I’m amused by a couple of Twitter stories today. But aside from raising a couple of wry smiles, these stories also raise a couple of business points.
First up this yarn from The Scotsman about tennis star Andy Murray’s mum leaving Black Rod infuriated:
Black Rod is a parliamentary official whose position has existed since 1350. And the current holder of that title was none too pleased when Judy Murray Tweeted out a picture from inside Parliament.
It seems the officious Black Rod considered this an inappropriate leak from inside the Mother of Parliaments.
Even funnier when you consider the offending photo was of a toilet door sign which read: “Women Peers”. In other words, the place where the mightiest women in the land go to, er, take a leak (women pee-ers?)
What trumped it for me though was the real name of Black Rod, a former military man known to his nearest and dearest as, Lieutenant-General David Leakey.
Next up is the story about a Twitter fuss which blew up when it appeared that Pulitzer Prize-winning author and playwright Cormac McCarthy had set aside his legendary distaste for modern technology and deigned to grace Twitter with his presence.
However, it turned out all to have been a hoax, perpetrated by none other than an aspiring (but as yet unpublished) author from Renfrewshire:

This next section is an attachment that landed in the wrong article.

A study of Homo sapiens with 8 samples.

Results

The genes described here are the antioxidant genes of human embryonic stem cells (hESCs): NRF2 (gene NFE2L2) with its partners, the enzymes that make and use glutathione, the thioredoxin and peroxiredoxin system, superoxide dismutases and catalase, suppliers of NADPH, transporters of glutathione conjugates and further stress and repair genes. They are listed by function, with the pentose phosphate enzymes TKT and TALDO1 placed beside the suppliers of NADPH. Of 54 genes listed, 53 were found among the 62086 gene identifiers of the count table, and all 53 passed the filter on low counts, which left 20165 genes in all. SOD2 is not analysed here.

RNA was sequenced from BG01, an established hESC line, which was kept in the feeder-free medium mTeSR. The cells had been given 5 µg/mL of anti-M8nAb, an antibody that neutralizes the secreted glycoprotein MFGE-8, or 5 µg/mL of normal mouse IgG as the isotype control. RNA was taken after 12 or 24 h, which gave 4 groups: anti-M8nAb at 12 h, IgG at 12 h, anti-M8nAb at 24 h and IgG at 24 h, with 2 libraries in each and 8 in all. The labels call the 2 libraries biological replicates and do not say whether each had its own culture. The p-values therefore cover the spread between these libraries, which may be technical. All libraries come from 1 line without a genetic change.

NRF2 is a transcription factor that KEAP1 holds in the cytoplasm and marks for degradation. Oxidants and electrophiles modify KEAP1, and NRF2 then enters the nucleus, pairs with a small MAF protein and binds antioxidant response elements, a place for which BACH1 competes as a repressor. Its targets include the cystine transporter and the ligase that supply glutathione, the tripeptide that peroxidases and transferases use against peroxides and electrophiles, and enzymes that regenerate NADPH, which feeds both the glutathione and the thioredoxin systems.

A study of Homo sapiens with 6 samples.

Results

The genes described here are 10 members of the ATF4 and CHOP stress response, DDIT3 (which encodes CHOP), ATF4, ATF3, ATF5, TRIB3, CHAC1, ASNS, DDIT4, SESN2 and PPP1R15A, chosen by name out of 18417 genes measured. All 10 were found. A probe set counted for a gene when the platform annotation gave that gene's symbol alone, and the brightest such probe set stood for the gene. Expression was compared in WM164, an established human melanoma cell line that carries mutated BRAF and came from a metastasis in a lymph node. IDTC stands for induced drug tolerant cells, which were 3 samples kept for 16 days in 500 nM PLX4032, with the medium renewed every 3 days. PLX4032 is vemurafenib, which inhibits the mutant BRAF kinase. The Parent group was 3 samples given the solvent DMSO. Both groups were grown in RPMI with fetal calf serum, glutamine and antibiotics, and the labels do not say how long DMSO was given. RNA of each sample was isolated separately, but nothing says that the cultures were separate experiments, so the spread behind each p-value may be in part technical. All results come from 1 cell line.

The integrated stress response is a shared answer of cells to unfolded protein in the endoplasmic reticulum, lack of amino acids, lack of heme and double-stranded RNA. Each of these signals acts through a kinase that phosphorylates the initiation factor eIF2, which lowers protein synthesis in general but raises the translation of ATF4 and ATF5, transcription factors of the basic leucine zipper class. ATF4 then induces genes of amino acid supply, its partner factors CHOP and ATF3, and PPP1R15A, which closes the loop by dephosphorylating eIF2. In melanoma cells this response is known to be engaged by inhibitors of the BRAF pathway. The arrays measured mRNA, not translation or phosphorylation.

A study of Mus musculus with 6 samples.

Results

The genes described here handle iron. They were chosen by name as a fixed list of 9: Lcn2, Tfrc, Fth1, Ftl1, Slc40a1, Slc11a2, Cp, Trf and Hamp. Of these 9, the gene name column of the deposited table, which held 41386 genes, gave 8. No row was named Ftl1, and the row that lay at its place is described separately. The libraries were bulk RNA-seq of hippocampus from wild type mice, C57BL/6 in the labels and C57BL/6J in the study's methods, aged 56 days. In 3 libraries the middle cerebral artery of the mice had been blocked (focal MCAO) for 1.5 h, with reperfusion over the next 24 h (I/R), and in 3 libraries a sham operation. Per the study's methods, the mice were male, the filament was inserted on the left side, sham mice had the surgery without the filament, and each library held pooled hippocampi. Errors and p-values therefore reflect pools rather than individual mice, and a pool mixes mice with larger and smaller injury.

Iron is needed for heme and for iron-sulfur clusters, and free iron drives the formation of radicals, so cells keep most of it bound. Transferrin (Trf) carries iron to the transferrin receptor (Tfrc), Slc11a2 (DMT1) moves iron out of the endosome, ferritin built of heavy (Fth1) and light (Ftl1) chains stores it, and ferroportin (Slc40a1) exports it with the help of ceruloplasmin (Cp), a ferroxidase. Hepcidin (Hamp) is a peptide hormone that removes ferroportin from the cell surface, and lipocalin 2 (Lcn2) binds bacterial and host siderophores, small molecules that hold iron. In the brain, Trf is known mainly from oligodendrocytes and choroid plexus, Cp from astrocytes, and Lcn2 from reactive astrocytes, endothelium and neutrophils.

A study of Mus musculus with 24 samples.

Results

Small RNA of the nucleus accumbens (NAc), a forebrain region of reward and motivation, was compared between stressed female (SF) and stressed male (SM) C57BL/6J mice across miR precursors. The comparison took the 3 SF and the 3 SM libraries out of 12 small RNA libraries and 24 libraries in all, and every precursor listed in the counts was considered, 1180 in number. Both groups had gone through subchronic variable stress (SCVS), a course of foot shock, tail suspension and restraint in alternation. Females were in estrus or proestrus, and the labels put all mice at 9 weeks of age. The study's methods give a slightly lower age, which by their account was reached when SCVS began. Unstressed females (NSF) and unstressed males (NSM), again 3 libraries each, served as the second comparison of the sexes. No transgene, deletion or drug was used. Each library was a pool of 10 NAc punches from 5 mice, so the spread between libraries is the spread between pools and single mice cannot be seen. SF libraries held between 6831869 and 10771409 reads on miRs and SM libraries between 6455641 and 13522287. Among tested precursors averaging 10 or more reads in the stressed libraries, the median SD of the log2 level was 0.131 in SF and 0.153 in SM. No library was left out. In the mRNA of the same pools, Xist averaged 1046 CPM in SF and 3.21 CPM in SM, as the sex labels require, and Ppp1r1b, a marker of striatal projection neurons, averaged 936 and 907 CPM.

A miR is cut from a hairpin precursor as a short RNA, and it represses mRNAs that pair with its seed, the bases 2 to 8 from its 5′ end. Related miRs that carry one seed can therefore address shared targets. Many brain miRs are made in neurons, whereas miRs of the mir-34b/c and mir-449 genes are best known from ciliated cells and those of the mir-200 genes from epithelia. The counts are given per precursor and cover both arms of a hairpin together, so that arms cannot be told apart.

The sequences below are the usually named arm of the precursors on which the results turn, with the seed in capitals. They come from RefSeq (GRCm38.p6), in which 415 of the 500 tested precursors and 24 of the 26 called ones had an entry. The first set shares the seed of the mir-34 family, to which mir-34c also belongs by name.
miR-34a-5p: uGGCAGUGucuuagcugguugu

It’s a shame really. The lean, spare, yet beautiful prose which typifies McCarthy’s work means he’d be a must follow in 140 characters. And I bet there wouldn’t be a “just ate a tuna sandwich for lunch” Tweet anywhere to be found in his stream.
On a serious note, these are the kind of stories which show that the mainstream world is fully waking up to Twitter.
Yet they are also the kind of stories which may still prevent some businesses from using the new social media tools to extract the undoubted value they offer.
Do you remember a time there were similar stories about Facebook, YouTube – and before that email (yep, believe it or not, there was a time when email was viewed with suspicion as a threat to business).
Not to mention the days when the very internet and world wide web themselves were a cause for concern and frowny faces (real frowning expressions, as opposed to digital emoticons) among serious business people.
Later there were media stories galore about the risks of shopping online (my mum still won’t use a credit or debit card over the internet).
Hell, perm it back further and it’s easy to find historical reference to the time when the credible voices of the day were fearful and suspicious of telephones.
Now, try to imagine business world without websites or e-commerce. And no matter how full your inbox is, consider trying to do business without email.
Then consider the two stories above. It may take longer than a year, but at some point in the not-too-distant future Twitter usage will be so commonplace it’ll no longer merit stories like these.
If you work in a business which is still suspicious about Twitter – or other social media – then give us a call at Holyrood PR. We’ll be happy to show how it can work in your favour and help prepare you for that point when it is every bit as important to your product or service as a website, an online shopping cart or an email address.
Ours is firstname.lastname@example.org.
Or if you’re a bit more old school, you can get us on 0131 561 2244.
If you’re feeling really adventurous, you can get me on @scottgdouglas or the Holyrood PR team @holyroodpr.
However you choose to contact us, we’d love to hear from you.